Lens-less microscope produces sharp 3-D images
An optical imaging system small enough to fit onto opto-electronic chip provides variety of benefits.
Washington: A lens-less microscope small enough to sit on the palm of your hand has enough punch to create 3D images of miniscule samples.
The technique demonstrates a lens-free optical tomographic imaging on a chip for the first time, capable of producing high-resolution 3-D images of large volumes of microscopic objects.
"This research clearly shows the potential of lens-free computational microscopy," said Aydogan Ozcan, senior study author and associate professor of electrical engineering at University of California-Los Angeles School of Engineering and Applied Science.
"Wonderful progress has been made in recent years to miniaturize life-sciences tools with microfluidic and lab-on-a-chip technologies, but until now optical microscopy has not kept pace with the miniaturisation trend," the journal proceedings of the National Academy of Sciences reports.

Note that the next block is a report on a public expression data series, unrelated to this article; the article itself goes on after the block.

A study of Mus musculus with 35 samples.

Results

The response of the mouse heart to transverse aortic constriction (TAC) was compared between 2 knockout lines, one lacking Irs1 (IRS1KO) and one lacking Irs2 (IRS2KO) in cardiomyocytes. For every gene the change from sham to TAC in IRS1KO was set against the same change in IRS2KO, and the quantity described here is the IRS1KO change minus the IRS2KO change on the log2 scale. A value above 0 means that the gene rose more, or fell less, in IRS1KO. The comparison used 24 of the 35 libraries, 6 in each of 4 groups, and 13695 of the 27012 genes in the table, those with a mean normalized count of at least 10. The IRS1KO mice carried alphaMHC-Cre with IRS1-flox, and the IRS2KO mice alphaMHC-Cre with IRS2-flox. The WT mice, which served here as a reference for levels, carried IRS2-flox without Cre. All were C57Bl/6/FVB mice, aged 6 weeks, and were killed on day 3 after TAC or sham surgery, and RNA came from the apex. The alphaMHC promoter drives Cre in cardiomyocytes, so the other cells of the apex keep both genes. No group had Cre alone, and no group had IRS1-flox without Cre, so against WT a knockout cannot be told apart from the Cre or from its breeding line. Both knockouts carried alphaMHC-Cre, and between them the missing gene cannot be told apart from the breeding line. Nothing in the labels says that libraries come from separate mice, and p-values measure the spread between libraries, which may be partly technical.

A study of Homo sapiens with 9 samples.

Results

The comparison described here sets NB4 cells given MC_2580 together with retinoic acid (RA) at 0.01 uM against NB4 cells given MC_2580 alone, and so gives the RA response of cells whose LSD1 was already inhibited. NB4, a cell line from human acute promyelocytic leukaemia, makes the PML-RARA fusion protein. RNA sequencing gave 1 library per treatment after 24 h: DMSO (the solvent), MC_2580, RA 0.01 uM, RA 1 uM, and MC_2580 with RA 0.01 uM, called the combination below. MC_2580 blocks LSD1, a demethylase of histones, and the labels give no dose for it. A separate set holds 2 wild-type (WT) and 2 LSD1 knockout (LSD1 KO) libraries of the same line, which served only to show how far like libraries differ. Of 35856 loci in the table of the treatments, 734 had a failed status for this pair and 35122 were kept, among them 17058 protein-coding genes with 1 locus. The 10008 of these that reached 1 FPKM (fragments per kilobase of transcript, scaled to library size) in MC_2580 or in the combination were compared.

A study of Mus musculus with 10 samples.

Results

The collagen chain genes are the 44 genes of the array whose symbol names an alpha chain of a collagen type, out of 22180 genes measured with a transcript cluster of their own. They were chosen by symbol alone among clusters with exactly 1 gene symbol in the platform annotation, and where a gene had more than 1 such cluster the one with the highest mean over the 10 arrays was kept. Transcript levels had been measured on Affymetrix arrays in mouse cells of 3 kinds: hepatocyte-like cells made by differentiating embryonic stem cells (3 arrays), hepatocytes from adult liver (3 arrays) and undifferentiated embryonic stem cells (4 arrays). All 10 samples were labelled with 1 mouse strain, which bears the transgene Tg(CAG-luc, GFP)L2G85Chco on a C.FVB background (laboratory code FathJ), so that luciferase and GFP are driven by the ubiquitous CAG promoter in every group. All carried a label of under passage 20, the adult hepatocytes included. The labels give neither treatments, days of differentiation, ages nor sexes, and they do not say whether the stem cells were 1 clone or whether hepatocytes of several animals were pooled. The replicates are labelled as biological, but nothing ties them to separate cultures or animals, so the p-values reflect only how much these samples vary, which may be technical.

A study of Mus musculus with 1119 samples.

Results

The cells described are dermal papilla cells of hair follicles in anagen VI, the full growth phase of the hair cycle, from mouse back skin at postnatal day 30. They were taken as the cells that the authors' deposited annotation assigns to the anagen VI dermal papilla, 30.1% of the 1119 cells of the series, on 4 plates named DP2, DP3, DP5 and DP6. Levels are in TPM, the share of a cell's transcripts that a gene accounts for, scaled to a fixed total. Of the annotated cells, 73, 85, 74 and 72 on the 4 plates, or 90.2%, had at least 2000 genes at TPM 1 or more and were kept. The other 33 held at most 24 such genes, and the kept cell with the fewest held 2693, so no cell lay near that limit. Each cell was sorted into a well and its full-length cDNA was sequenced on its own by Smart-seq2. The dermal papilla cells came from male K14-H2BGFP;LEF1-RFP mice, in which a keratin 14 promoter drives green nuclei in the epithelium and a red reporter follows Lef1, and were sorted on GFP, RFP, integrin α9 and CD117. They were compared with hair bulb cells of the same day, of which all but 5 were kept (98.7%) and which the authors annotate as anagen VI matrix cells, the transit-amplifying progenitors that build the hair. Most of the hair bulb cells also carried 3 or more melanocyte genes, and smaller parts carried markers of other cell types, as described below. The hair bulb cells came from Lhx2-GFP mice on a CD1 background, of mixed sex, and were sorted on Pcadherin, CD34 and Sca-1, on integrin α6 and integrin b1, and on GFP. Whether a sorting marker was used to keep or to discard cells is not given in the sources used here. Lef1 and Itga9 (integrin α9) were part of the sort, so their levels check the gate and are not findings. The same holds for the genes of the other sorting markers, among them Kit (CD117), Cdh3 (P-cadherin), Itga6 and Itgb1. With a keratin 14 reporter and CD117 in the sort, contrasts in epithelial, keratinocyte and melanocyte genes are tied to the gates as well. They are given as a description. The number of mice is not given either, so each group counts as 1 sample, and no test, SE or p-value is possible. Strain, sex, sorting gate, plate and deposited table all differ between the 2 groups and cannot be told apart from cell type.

An optical imaging system small enough to fit onto an opto-electronic chip provides a variety of benefits, according to a California statement.
Because of the automation involved in on-chip systems, scientific work could be sped up significantly, which might have a great impact in the fields of cell and developmental biology.
Besides, the small size not only has great potential for miniaturising systems but also leads to cost savings on equipment.
The optical microscope, invented more than 400 years ago, has tended to grow larger and more complex as it has been modified to view ever-smaller objects with better resolution.
The system takes advantage of the fact that organic structures, such as cells, are partially transparent. So by shining a light on a sample of cells, the shadows created reveal not only the cells` outlines but details about their sub-cellular structures as well.